Maps are used to locate the places where your ancestors lived. They identify political boundaries, names of places, geographical features, cemeteries, churches, and migration routes. Historical maps are especially useful for finding communities that no longer exist.

Maps are available from the National Archives, the Library of Congress, county agencies, and other libraries and historical societies.

Contents

Land Ownership Maps

Government or commercial agencies have created numerous maps showing the names of land owners in an area. These are often called “cadastral” maps. They sometimes include other helpful details such as churches, cemeteries, and roads. An inventory of many of the land ownership maps is:

  • Library of Congress. Geography and Map Division. Land Ownership Maps: A Checklist of Nineteenth Century United States County Maps in the Library of Congress. Washington, D.C.: Library of Congress, 1967. (FHL book 973 A3Loc; fiche 6048262.)

Some of these maps are found under:

  • Library of Congress. Geography and Map Division. Land Ownership Maps. Washington, D.C.: Library of Congress, 1983. (On 2,010 FHL fiche starting with 6079238.)

Plat Maps

The county or town offices that maintain land and property records often have plat books containing maps of property boundaries and land ownership within the county.
Arphax Publishing Co., Norman, Oklahoma offers patent maps.

Also see Federal Plats section under “Obtaining a Legal Description of the Land” for information about the federal township plats.


Surveys

A surveyor’s drawing of the legal description of the land is called a “survey” or “plat.” Some of these were recorded and some were kept as loose papers. No land could be owned by an individual until it was surveyed.

Homestead surveys for several states are available online.

Land Survey Information System helps plot rectangular survey land (township, range, secton).



Locating Township and County Boundaries

Maps of modern county boundaries are in :

  • The Handybook for Genealogists, United States of America. 11th ed. Logan, Utah: Everton Publishers, 2006.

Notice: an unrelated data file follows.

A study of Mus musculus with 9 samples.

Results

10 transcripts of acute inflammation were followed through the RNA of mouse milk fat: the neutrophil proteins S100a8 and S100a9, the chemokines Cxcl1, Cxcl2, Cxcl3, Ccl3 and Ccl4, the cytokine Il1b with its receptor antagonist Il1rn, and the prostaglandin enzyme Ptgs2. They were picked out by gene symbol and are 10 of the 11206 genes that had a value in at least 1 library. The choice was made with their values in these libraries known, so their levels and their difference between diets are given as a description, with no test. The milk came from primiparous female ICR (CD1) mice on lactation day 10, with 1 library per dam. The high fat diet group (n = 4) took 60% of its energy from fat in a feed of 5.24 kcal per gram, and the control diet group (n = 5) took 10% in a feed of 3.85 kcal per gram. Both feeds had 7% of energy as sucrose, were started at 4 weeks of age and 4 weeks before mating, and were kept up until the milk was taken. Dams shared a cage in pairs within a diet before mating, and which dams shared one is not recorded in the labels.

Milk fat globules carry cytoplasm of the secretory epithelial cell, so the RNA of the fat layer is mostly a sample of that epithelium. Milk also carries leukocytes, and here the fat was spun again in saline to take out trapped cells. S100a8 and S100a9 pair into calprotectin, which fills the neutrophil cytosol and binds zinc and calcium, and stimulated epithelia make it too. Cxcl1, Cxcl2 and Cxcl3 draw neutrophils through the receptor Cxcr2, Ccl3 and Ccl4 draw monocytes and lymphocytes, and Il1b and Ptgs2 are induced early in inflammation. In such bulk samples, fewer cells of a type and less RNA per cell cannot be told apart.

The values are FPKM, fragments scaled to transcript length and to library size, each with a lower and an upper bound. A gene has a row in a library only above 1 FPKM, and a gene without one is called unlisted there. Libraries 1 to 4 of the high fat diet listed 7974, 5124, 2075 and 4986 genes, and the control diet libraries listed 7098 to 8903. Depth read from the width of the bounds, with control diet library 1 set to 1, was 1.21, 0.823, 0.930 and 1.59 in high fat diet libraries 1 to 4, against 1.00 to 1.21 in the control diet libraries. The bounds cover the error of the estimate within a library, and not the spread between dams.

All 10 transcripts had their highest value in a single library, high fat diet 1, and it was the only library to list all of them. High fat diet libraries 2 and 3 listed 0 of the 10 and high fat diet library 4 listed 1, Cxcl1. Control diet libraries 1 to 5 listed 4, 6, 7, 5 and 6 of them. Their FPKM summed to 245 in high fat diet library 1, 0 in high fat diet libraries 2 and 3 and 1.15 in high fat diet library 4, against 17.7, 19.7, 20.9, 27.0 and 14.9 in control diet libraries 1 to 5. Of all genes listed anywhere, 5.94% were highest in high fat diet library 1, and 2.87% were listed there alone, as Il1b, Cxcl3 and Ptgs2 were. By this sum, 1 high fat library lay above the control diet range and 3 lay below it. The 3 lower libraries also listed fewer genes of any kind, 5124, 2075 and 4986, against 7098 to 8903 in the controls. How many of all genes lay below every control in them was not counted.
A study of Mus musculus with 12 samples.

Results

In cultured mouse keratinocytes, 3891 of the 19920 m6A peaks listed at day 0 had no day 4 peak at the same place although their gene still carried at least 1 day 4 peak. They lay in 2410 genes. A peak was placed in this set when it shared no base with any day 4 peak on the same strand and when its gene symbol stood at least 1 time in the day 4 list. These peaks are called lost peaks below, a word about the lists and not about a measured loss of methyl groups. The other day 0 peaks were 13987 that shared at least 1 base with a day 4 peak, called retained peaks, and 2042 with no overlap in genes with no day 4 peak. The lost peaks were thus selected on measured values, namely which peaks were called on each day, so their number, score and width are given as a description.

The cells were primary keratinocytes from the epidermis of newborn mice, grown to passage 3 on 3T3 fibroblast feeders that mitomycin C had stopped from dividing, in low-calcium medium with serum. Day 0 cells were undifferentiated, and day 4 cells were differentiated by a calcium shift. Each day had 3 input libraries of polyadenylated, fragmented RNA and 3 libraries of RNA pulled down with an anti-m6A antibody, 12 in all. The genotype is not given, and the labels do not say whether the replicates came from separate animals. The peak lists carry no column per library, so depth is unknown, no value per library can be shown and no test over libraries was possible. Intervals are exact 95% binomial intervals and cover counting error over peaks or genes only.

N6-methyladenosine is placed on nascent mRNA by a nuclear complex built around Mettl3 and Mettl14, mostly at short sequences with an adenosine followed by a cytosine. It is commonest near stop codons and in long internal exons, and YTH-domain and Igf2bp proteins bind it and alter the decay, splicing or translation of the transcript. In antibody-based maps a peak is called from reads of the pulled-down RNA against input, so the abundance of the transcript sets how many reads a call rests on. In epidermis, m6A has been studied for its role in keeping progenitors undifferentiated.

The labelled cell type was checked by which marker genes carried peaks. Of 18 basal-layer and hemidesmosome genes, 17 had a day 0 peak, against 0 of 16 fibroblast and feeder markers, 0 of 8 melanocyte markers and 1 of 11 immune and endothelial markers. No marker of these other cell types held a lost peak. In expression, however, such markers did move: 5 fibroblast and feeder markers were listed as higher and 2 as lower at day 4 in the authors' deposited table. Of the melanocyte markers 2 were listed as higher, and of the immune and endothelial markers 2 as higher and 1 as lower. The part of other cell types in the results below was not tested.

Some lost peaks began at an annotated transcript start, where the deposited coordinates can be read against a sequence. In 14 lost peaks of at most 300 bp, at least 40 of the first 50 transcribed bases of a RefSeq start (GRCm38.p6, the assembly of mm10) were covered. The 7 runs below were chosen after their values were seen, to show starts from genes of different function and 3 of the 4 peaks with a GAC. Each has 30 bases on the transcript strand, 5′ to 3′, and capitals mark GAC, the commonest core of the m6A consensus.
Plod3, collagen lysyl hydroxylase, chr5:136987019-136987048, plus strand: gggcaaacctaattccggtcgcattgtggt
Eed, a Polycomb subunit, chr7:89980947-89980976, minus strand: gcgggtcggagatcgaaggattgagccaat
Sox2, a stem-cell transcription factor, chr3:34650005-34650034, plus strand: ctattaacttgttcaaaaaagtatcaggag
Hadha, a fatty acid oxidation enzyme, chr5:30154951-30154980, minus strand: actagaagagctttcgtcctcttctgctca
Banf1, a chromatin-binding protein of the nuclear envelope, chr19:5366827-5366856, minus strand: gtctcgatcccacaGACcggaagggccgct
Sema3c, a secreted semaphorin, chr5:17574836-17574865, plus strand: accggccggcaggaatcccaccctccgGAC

• Eichholz, Alice, ed. Red Book: American State, County, and Town Sources. Provo, Utah: Ancestry. 2004.

Maps and an index of townships and other present-day civil boundaries are in:

  • Andriot, Jay. Township Atlas of the United States. McLean, Virginia: Documents Index, 1991. (FHL book 973 E7an 1991.)

Detailed maps and legal histories of county formations and changes are found in:

  • Long, John H., editor. Historical Atlas and Chronology of County Boundaries, 1788-1980. Five Volumes. Boston, Massachusetts: G. K. Hall, 1984. (FHL book 973 E7hL; fiche 60514226-30.) The states included are Delaware, Illinois, Indiana, Iowa, Maryland, Michigan, Minnesota, Missouri, New Jersey, North Dakota, Ohio, Pennsylvania, South Dakota, and Wisconsin.
  • MapofUS.org
  • Massachusetts Genealogy 101 has maps showing boundary changes in Massachusetts and is also a good research site for Massachusetts.





Web Sites

References

  • Andriot, Jay. Township Atlas of the United States. McLean, Virginia: Documents Index, 1991.
  • The Church of Jesus Christ of Latter-day Saints. "Land and Property." United States Research Outline. Salt Lake City, Utah: Intellectual Reserve, Inc., 1988, 2002.
  • The Church of Jesus Christ of Latter-day Saints. "Maps." United States Research Outline. Salt Lake City, Utah: Intellectual Reserve, Inc., 1988, 2002.
  • Eichholz, Alice, ed. Red Book: American State, County, and Town Sources. Provo, Utah: Ancestry. 2004.
  • Greenwood, Val. Researcher’s Guide to American Genealogy. 3rd ed. Baltimore: Genealogical Publishing Co., 2000, 2003.
  • The Handybook for Genealogists, United States of America. 11th ed. Logan, Utah: Everton Publishers, 2006.
  • Library of Congress. Geography and Map Division. Land Ownership Maps. Washington, D.C.: Library of Congress, 1983.
  • Library of Congress. Geography and Map Division. Land Ownership Maps: A Checklist of Nineteenth Century United States County Maps in the Library of Congress. Washington, D.C.: Library of Congress, 1967.
  • Long, John H., editor. Historical Atlas and Chronology of County Boundaries, 1788-1980. Five Volumes. Boston, Massachusetts: G. K. Hall, 1984.
  • Luebking, Sandra Hargreaves. “Land Records,” in Loretto Dennis Szucs and Sandra Hargreaves Luebking, eds. The Source: A Guidebook to American Genealogy. 3rd ed. Provo, Utah: Ancestry, 2006.
  • Stephenson, Richard W. Land Ownership Maps. Washington, D.C.: Library of Congress, 1967.
  • Wilford, John Noble. The Mapmakers. Rev. ed. Alfred A. Knopf, 2000.